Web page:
17/07/2017 13:21

Of course, if the questioner has a doctorate in Applied Condescending from Oxford University, they'd additionally comment on our love of a food that looks like a pancake and our sentiment towards a once booming ceramics industry. Then we would be left satisfied that our local heritage has a larger audience than we first thought and that we haven't punched the pompous git in the face.

But as Stoke-on-Trent is shortlisted to become the UK City of Culture in 2021, the area should be broadening its horizons for things to showcase. After all, it's facing some hefty competition, with the likes of Swansea and Coventry duelling for the same crown; and they have their own equivalents of popular food and industrial pasts.

A striking solution is comedy.

If you were to walk through one of the city's supermarkets, listening to the conversations people were having (which is something I admit to doing since it's three thousand times more entertaining than analysing the price of fish fingers), I guarantee they would put a smile on your face: whether it be the cheekiness of a child or a staff assistant destroying a customer with sarcasm, the humour would be abounding.

It's a similar story with the city's nightlife. This is another area that has been harangued in recent years for being lacklustre and losing class. However, many of the nightclubs - such as the popular Sugarmill and Underground venues - have simply moved with the times by creating oases of freedom. They may not all be upmarket and formal, but comedy doesn't abide by etiquette and dress codes; that's why it's so much fun to be funny.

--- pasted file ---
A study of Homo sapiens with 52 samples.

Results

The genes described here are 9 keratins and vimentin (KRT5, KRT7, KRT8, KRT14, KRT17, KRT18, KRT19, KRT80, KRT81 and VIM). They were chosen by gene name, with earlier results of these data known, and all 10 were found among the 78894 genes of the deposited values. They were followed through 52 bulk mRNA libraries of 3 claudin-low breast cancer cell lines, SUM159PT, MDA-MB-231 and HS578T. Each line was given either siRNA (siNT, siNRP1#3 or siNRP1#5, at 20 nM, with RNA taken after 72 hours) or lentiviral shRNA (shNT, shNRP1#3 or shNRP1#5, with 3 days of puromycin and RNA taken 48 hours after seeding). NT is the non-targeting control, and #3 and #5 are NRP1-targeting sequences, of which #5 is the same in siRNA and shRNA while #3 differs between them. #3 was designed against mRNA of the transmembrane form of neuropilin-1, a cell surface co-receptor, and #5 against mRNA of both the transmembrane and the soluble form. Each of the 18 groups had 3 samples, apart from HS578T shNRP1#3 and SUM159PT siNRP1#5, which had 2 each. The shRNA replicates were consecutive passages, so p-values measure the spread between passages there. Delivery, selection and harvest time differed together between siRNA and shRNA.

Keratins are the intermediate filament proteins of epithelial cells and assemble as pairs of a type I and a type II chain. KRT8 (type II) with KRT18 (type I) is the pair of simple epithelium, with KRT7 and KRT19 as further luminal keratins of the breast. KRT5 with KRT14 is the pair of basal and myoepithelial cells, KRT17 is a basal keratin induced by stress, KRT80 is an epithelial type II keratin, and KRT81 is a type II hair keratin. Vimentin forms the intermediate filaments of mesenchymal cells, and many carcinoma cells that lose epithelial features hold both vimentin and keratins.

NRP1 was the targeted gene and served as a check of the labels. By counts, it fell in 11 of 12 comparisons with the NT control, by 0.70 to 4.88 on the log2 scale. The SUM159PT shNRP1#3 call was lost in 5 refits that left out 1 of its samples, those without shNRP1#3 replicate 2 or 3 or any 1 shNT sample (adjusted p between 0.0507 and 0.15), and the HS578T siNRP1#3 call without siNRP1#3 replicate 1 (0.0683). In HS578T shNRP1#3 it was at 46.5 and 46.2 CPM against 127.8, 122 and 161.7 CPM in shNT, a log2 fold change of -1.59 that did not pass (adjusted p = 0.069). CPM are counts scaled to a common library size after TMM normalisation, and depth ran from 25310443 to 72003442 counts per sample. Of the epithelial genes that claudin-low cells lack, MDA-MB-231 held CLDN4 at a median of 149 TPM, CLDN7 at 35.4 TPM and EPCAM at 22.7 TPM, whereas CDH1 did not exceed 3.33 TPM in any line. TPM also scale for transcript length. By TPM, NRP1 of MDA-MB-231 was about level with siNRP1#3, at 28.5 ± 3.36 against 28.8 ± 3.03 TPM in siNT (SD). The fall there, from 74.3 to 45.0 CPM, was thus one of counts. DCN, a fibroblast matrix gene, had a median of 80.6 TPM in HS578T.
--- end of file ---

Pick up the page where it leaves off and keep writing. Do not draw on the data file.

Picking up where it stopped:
The city's local theatres play host to dozens of popular comedians, with the likes of Jimmy Carr and Milton Jones coming back year after year, demonstrating the attraction of an increasingly vibrant and diverse area. But the theatres also create events to demonstrate the skills of currently unknown comics, and organisations such as the Stoke Rep Theatre regularly put on richly humorous performances delivered by local actors.

A further absurdly comical aspect of Stoke is, of course, the Pottrays accent and dialect. The Potteries accent is one of the best regional accents in the UK because of the simultaneous innocence and dominance that each sentence creates, making some people cringe but others cosy. It's the nonsensical use of words like "duck" and "ode" which triggers such hilarity and should be an essential part of the city's cultural campaign.

All humour is critical, but, if channelled in a productive way (like the area's determination to succeed and learn from past mistakes), then Stoke-on-Trent will have a golden opportunity to claim the City of Culture title. To win this competition, Stoke needs to showcase unique cultural aspects that are within the spirits of all of its brethren. Comedy is definitely one of them.